Alan Cross: How do we solve a problem like Mariah?

Mariah Carey. Photo: Gregory Pace/Shutterstock

Mariah Carey is everywhere at this time of year. You can’t leave the house without being exposed to her ultra-perky 1994 Christmas hit, All I Want for Christmas is You. You can’t escape it. My God, she’s even telling people on the London Underground that all she wants for Christmas is for them to stand back from the yellow line.

And if it feels the walls are closing in, you’re not imagining things because Mariah Creep (something almost as insidious as being able to get a pumpkin spice latte before Labour Day) has been evident in the last decade. With radio stations flipping to an all-Christmas music format earlier and earlier — this year’s first-mover was a station in Ohio that started with holiday music 24/7 on Oct.  1 — the song is showing up in our ears even before Canadian Thanksgiving.


And that doesn’t count all the cover versions Ariana Grande, CeeLo Green, My Chemical Romance (yes, there’s an emo version), Mumford & Sons, and scores of others.

It’s estimated that this one song has earned no less than US$60 million between 1994 and 2016. And in the last five years, the song has become a monster on platforms like Spotify, streaming millions of times. A quick bit of extrapolation indicates that AIWfCiY will be streamed 71 million times in 2021 — and that’s just in the United States.

There’s more data. Digital Music News did some quick calculations for this year.

  • 5.7 million Christmas album sales x US$11.99 = US$68 million / 27 years since its original release = US$2.5 million per year
  • 2021 Apple TV+ Special = US$8 million
  • 2021 McDonald’s Menu Deal = US$5 million

Add that up and you have US$16,210,000. Wow. That’s just for 2021. And that’s just for America. Canada, the U.K., and a dozen other countries are also under the spell of this song. No wonder cases of diabetes are on the rise. You just can’t have this much sugary sweet stuff and survive. Woe to the person who hears a mix of AIWfCiY followed by Paul McCartney’s Wonderful Christmastime. You’d be able to make candy canes from your blood sugar.

Therefore, as a public service, I offer some holiday songs to act as Naloxone and Narcan to AIWfCiY overdoses. There’s so, so much more to this time of year than Mariah Carey — although, as you’ll see, she’s extremely hard to avoid.

1. Hawksley Workman, Indie Rock Christmas

If you’ve ever dreamed of finding a new guitar under the tree, Hawksley understands. Take out the handbells, the jingle-bell-ish rhythm track, and references to Santa, this would be a great song for any time of the year.

2. New Found Glory, Holiday Records



Here’s something you probably won’t hear in church this December. Then again, who doesn’t like a little Black Sabbath with their Christmas cheer?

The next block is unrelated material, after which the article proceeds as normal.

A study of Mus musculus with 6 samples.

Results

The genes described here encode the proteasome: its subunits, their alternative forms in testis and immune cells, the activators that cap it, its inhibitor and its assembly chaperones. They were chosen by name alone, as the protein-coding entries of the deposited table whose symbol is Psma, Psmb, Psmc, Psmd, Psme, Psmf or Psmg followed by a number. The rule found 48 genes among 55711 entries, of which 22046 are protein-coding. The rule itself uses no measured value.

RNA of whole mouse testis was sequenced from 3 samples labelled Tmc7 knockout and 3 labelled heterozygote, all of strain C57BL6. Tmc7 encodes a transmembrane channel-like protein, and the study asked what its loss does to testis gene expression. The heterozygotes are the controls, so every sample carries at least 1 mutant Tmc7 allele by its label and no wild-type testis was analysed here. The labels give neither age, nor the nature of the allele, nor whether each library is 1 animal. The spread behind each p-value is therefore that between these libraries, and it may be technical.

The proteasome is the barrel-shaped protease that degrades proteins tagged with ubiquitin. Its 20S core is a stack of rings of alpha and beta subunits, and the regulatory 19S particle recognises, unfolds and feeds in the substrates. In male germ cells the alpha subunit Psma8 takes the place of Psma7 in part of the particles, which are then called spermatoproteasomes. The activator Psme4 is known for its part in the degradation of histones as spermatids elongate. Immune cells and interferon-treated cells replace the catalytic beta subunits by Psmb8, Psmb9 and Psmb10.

4. The Police, Don’t Stand So Close to Me (Xmas Edition)

Okay, so this wasn’t written as a Christmas song. But while the Police were working in Quebec on the Zenyatta Mondatta album in 1980 (remember the old Le Studio complex?) they took some time to head the slopes in Grey Rock for a little snowmobiling and Santa skiing. The video was lost in the archives for 41 years before being unearthed just a few weeks ago.


For over a year now, King Crimson guitarist Robert Fripp and his wife, Toyah Willcox (who has her own singing career), have been posting performances from their kitchen every Sunday. The latest editions of their Sunday Lunch gigs have included Christmas songs like this.

6. The Pocket Gods, Quantum Christmas

The Pocket Gods are a quirky British indie band who specializes in writing and recording songs that are all a shade over 30 seconds long. Their thinking is that if Spotify only pays once a song runs for 30 seconds, why bother writing anything longer? They’ve set that aside for this track which runs for 100 hours. YouTube has all the sections if you wish to achieve the full effect. There are more than 30 of them. Fill yer boots.


Back in high school and university, I worked in a grocery store where the Christmas music was the same 15-song, 8-track tape played over and over and over and over again. To this day, Burl Ives’ Holly Jolly Christmas causes the red mist to descend before my eyes and I later wake up with no knowledge of what horrors I’d committed. I wish we’d had something like this back then.

8. Until I Wake, All I Want for Christmas is You

This Buffalo band obviously felt that if you can’t defeat Mariah, join her. At least it rocks.


When you listen closely to the lyrics of AIWfCiY, it’s a sad song full of longing. And isn’t that the very definition of emo? It starts slow, but wait for it. Wait…wait..

The Mariah Carey Christmas Special

Is this the best Christmas song of the year? I vote yes.